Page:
President Joe Biden has authorised the sale of 50 million barrels of oil from the US Strategic Petroleum Reserve (SPR) — but the move had little immediate impact on oil prices.

The release of the oil is part of a multinational effort to reduce prices as China, India, Japan, the UK and South Korea all made similar moves in conjunction with the US announcement on Tuesday.


'Exchange' process

The US Department of Energy said the release of the 50 million barrels from the SPR will include 32 million barrels available through an “exchange” and the accelerated sale of 18 million barrels mandated in the Bipartisan Budget Act of 2018.

Companies interested in acquiring oil through the exchange process will be required to submit bids by 6 December with contracts being awarded by 14 December. Deliveries will take place between January and April. Exchange crude will be returned to the SPR between 2022 and 2024.

The release of the oil from the SPR comes after Opec’s refusal to increase oil production beyond its previously-established guidelines. US independents have been similarly wary of increasing production for fear shareholders would punish them for increasing capital expenditure.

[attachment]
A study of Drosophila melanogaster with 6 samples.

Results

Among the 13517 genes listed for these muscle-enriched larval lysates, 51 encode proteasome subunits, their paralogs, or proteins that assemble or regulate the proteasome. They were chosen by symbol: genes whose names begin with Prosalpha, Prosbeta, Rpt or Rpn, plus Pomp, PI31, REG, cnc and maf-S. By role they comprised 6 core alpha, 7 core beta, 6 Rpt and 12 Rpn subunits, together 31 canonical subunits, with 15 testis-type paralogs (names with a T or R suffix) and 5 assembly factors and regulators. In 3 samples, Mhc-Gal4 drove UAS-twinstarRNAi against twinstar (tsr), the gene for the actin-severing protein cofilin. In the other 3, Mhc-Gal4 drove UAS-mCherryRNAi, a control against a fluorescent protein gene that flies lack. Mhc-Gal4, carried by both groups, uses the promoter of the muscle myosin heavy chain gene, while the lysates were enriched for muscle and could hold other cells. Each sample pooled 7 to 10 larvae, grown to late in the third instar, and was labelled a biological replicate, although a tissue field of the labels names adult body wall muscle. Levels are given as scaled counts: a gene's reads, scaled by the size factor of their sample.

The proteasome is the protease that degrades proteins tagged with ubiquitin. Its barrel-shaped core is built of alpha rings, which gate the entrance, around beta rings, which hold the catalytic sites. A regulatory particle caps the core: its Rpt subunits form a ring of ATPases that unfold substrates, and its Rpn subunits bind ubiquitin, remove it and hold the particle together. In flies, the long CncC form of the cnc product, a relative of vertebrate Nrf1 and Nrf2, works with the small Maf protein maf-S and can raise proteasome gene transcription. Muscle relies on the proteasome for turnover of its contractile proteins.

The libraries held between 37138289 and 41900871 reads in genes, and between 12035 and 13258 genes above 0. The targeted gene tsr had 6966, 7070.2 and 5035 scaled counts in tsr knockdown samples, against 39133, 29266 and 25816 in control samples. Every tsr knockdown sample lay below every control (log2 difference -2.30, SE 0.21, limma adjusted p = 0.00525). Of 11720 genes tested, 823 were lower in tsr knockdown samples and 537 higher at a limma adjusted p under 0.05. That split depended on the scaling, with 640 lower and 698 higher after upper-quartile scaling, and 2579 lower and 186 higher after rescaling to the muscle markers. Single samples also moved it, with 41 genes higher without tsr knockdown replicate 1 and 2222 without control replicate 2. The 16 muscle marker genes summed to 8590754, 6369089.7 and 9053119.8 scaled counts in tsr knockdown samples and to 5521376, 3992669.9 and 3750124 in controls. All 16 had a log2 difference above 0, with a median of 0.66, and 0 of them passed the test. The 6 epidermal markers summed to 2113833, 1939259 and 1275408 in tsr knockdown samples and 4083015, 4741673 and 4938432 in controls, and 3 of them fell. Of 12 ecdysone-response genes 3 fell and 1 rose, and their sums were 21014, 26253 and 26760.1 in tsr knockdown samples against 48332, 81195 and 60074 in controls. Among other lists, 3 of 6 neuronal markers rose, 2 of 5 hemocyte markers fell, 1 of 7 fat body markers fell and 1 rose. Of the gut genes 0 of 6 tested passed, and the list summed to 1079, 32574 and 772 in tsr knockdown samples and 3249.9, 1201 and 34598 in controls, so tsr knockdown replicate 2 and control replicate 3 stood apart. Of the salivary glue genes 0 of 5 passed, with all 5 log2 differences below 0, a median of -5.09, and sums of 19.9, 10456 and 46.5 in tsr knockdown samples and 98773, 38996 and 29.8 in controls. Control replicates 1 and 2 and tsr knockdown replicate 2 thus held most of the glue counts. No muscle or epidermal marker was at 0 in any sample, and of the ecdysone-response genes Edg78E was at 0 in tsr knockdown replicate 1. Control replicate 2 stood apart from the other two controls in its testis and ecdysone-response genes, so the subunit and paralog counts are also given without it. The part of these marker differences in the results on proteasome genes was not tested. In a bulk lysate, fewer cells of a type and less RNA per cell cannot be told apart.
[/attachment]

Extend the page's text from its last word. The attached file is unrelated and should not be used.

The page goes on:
In a commentary on the multinational oil release, Rystad Energy said the move marked the emergence of an “anti-Opec+” group led by the US.

“A group of top oil-consuming countries are… taking the supply-side dynamics into their own hands in the unconventional and unprecedented release of strategic petroleum reserves to create artificial looseness in the oil market and deliver a negative blow to oil prices,” senior oil markets analyst Louise Dickson said.

The primary motivator for the SPR release — to reduce prices — did not seem to have the immediate desired effect.

Instead of falling on news of the coordinated release of additional oil onto the market, West Texas Intermediate crude was up about 1.8%, or $1.37, to $78.11 per barrel in early morning trading on the New York Mercantile Exchange. Brent Crude was also up about 1.8%, or $1.46, to $81.18 per barrel.